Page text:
STEVE INSKEEP, HOST:

Scientists are watching a new coronavirus variant - a mixture of the omicron and delta strains. Some call it deltacron. This new variant is very rare, we're told, and in its current state, it seems unlikely to cause a problem. But its creation gives scientists insight into how and why the COVID-19 virus changes so quickly. NPR's Michaeleen Doucleff has the story.

MICHAELEEN DOUCLEFF, BYLINE: Officially, Scott Nguyen is a bioinformatician at Washington D.C.'s Public Health Laboratory. But he and a handful of other scientists around the world have an interesting side hobby. They are...

SCOTT NGUYEN: Variant hunters.

DOUCLEFF: Nguyen and his colleagues hunt for new coronavirus variants.

NGUYEN: I think that's a pretty cool way to describe it.

DOUCLEFF: They searched through millions of SARS-CoV-2 genome sequences, looking to find mutants that could shift the course of the pandemic. For instance, back in November, one hunter found...

NGUYEN: A very weird set of spike mutations coming from South Africa that became omicron.

DOUCLEFF: Now Nguyen has detected another intriguing variant. It was first found in France, but has also shown up in other parts of the world. It's a combination of delta and omicron. As one scientist put it, this variant has the head of omicron stuck onto the body of delta.

NGUYEN: So the body of the virus is still delta, but a good chunk of it is - of the spike, at least, is omicron. So, yes, that's the best way to describe it.

DOUCLEFF: You know, that's just kind of remarkable. There's just some intrinsic, imaginary sci-fi element to this.

NGUYEN: Yeah, definitely. Definitely. It kind of - surprising in a way. Like, hey, the virus really could do this and do it very well, as well.

DOUCLEFF: So how does the variant do this? How does it create this Frankenstein hybrid? Shishi Luo is a bioinformatician at Helix. It's a genomics company that has also been hunting for new variants. She says for these variants to arise, a person had to be infected with both omicron and delta at the same time.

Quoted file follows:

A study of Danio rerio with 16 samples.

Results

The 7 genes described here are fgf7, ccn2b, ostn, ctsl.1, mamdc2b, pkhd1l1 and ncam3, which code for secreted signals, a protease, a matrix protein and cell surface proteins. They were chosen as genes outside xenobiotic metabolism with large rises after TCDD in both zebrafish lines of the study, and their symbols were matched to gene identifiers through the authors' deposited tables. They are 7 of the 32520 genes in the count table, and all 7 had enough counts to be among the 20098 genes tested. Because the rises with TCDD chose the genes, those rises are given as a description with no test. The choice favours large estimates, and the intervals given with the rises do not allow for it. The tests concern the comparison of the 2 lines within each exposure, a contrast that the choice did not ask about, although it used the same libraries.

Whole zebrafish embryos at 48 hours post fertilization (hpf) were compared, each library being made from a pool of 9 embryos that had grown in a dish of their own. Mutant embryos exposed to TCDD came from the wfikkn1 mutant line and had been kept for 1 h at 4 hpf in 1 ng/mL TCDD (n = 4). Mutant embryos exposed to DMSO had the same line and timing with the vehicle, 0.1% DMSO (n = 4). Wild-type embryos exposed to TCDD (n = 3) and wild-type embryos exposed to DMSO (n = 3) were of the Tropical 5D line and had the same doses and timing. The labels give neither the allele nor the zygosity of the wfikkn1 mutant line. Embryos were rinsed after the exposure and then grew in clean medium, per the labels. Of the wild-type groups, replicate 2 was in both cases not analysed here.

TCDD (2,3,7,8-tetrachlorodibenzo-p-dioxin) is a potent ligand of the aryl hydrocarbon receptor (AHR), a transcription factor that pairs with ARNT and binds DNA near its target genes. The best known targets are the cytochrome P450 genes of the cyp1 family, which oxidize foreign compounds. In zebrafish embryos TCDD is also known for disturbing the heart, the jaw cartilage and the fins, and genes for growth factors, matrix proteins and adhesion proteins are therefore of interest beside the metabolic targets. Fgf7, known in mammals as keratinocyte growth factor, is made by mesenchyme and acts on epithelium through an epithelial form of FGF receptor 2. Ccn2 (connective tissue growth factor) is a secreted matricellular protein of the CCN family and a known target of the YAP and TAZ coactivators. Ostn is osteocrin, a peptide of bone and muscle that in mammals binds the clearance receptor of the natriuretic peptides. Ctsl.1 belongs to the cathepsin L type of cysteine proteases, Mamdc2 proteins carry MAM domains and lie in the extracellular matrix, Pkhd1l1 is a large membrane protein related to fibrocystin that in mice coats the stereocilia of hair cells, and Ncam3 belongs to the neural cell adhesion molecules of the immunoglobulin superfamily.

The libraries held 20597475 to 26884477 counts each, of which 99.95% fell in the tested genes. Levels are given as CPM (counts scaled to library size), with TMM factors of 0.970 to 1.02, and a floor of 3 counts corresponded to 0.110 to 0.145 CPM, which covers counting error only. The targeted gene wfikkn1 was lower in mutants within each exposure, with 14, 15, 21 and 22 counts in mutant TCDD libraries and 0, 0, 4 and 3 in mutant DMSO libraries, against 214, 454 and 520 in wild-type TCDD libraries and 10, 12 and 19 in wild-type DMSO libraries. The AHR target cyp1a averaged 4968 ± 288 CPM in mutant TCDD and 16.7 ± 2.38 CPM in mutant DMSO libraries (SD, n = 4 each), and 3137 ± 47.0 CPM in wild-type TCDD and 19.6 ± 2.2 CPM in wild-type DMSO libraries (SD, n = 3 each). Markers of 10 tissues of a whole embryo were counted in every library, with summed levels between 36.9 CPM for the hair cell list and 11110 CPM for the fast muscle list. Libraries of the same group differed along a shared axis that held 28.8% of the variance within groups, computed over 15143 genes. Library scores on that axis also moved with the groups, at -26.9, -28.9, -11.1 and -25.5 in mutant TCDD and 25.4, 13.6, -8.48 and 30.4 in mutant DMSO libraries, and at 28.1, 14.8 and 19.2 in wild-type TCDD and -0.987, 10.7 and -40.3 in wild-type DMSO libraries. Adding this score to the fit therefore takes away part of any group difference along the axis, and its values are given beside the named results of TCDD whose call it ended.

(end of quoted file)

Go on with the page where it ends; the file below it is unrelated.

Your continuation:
SHISHI LUO: They were exposed in a short enough time frame that they have both of them in their system.

DOUCLEFF: Which means they were, like, infected twice, right?

LUO: Yeah. And also - this is purely hypothetical, but omicron happened - it was around Christmas and New Year's, where there are a lot of social gatherings. So you can imagine you go to one social gathering, maybe you got exposed to delta. You go to a different social gathering, you got exposed to omicron. And they both got into the same cell at one point, and then this happens.

DOUCLEFF: When two variants are inside the same cell at the same time, she says they can end up doing a special process in which one variant, when it's replicating, actually steals a chunk of genes from another variant. It's called recombination. Here's the problem with recombination. Dr. Mike Ryan at the World Health Organization says this process is the reason coronavirus has evolved so quickly, and it's how dangerous strains of the flu are made.

MIKE RYAN: That is how we generate pandemics of influenza. It's through viral recombination. So we have to be very cautious, as Maria says. We have to watch these recombinant events very, very closely.

DOUCLEFF: Because although this deltacron variant is rare, recombination is a process where the virus can take its most successful parts and combine them quickly into a super virus. And there are other deltacrons out there. Shishi Luo and her colleagues have already found a handful in the U.S.

Michaeleen Doucleff, NPR News.

(SOUNDBITE OF FLOFILZ'S "TRANSIT(IONS)") Transcript provided by NPR, Copyright NPR.